Ruthin Slip exhibition

plate.27cmJeremy and Patia are currently exhibiting at Ruthin Craft Centre in North Wales, a mixed show featuring 12 makers and entitled ‘Slip’. To paraphrase curator Gregory Parsons, the materials and techniques may be simple, but the results can be astounding. With a range of practice that spans the traditional to the modern and contemporary, the work demonstrates without doubt that the use of slip continues to evolve as a vital medium for creative self-expression in the 21st century. The exhibition continues in Ruthin Gallery 3 until 12th June 2011.

Here follows a short essay written by Jeremy for the exhibition catalogue.

“I use slip in various forms in the making of my high-fired salt-glazed stoneware and porcelain. Along with the term ‘slipware’, slip is much more commonly associated and categorized with the tradition of lower firing temperatures and brightly coloured earthenwares, such as the magnificent chargers of Thomas Toft and other Staffordshire lead-glazed pottery of the late 17th and early 18th centuries. I hold a deep respect for these potters and their skillful, exuberant and playful use of slip in it’s wet state. Indeed, it was with reference to this vernacular that I feverishly began experimenting with slip as a student.

Exactly how the many and varied techniques which the Staffordshire potters employed, first made their way into common use will never truly be known. However, I am certain that we share with these makers a motivation that is primal, for the sensuous qualities of the very material itself. Submerging a full armful of the gorgeous stuff is only the beginning; thick, creamy and smooth, the slip is stirred and paddled to ensure an even liquid suspension before it’s use. In common with generations of artistic endevour, we find the development of the materials in our hands, lends us the freedom to run with new ideas.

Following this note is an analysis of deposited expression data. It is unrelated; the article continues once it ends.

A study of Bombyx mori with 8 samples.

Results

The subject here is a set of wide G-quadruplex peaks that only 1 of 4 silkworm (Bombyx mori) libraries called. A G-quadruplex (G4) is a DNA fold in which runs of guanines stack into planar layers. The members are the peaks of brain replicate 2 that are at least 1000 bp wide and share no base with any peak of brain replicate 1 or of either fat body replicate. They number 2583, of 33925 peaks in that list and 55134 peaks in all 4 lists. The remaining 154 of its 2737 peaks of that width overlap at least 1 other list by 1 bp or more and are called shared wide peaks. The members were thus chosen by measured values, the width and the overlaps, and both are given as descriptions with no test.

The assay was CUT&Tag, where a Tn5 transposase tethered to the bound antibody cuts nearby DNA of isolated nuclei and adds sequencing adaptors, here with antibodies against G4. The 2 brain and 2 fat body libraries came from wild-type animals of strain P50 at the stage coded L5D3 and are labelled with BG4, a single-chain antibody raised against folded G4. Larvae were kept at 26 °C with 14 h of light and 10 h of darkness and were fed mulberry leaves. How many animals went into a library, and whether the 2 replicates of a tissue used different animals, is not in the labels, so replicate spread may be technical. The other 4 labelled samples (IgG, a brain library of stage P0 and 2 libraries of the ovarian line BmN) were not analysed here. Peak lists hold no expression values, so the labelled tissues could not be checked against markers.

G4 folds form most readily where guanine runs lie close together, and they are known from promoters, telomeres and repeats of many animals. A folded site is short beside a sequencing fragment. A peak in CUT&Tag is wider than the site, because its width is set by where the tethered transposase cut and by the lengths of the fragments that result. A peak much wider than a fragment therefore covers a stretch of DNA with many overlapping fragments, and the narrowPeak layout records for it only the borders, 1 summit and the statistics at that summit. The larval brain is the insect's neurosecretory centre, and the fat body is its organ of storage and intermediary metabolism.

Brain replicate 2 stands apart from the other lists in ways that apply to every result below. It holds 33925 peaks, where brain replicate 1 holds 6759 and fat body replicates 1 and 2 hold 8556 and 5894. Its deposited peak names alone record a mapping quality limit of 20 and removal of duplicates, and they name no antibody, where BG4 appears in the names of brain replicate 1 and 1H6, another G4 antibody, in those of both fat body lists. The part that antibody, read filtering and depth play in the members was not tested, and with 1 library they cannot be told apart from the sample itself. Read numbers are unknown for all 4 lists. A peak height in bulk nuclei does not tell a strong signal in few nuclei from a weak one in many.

The ingredients are often basic, at it’s simplest a single clay suspended in water. A combination of clays is often blended, sometimes with a small percentage of oxides for colour and other additions to alter surface quality or firing maturation. Despite this frequently simple composition, slips underpin a limitless wealth of creative possibilities and sophisticated surfaces.

The influence of slip on my making begins on the wheel from where most of my shapes evolve. With the wet scragfitto of  marks often made directly onto the wet clay surface of the slowly revolving pot, I am envisaging this vocabulary of drawing soon to be cloaked in a thick veil of ball clay slip. Rather like multiple layers of limewash applied to a vernacular stone building, detail and edges are softened, overall composition unified. This is usually the first of at least one other layer of slip, which will be applied later for colour or surface variation to part or all of the pot. Over many hours, or often several days of drying and reapplication of different slips and related mark-making, this layering and re-working keeps the clay alive and crisp. Along with it, the inherent risks of raw slipping and glazing for the work to collapse under renewed water saturation from the freshly applied ingredients.

Working as I do, alongside a small community of other artists, I am periodically mocked for my ‘multiple slipping’ habits, with pots unashamedly indulged in five or six slip or raw-glaze treatments before being finally allowed to rest in preparation for firing. “Surely…” they mock in jest, “I could compose a single ingredient that would do the same thing in one go?” Fear not! Slip in this way continues to form a crucial aspect to the improvisation of new ideas, and the expansion as well as honing of a compelling range of fired surfaces.

The creative development of these slips is integral to the methods used to complete their vitrification, wood-fired salt-glaze. The fly ash from the fuel and the sodium from the volatilized salt applied to the white heat of the kiln, combine with the slipped surfaces to produce the melt. Subjected to the vagaries of kiln atmosphere and flame movement, the resulting pots celebrate a meeting between the conscious application of ingredient and the unpredictability of nature.”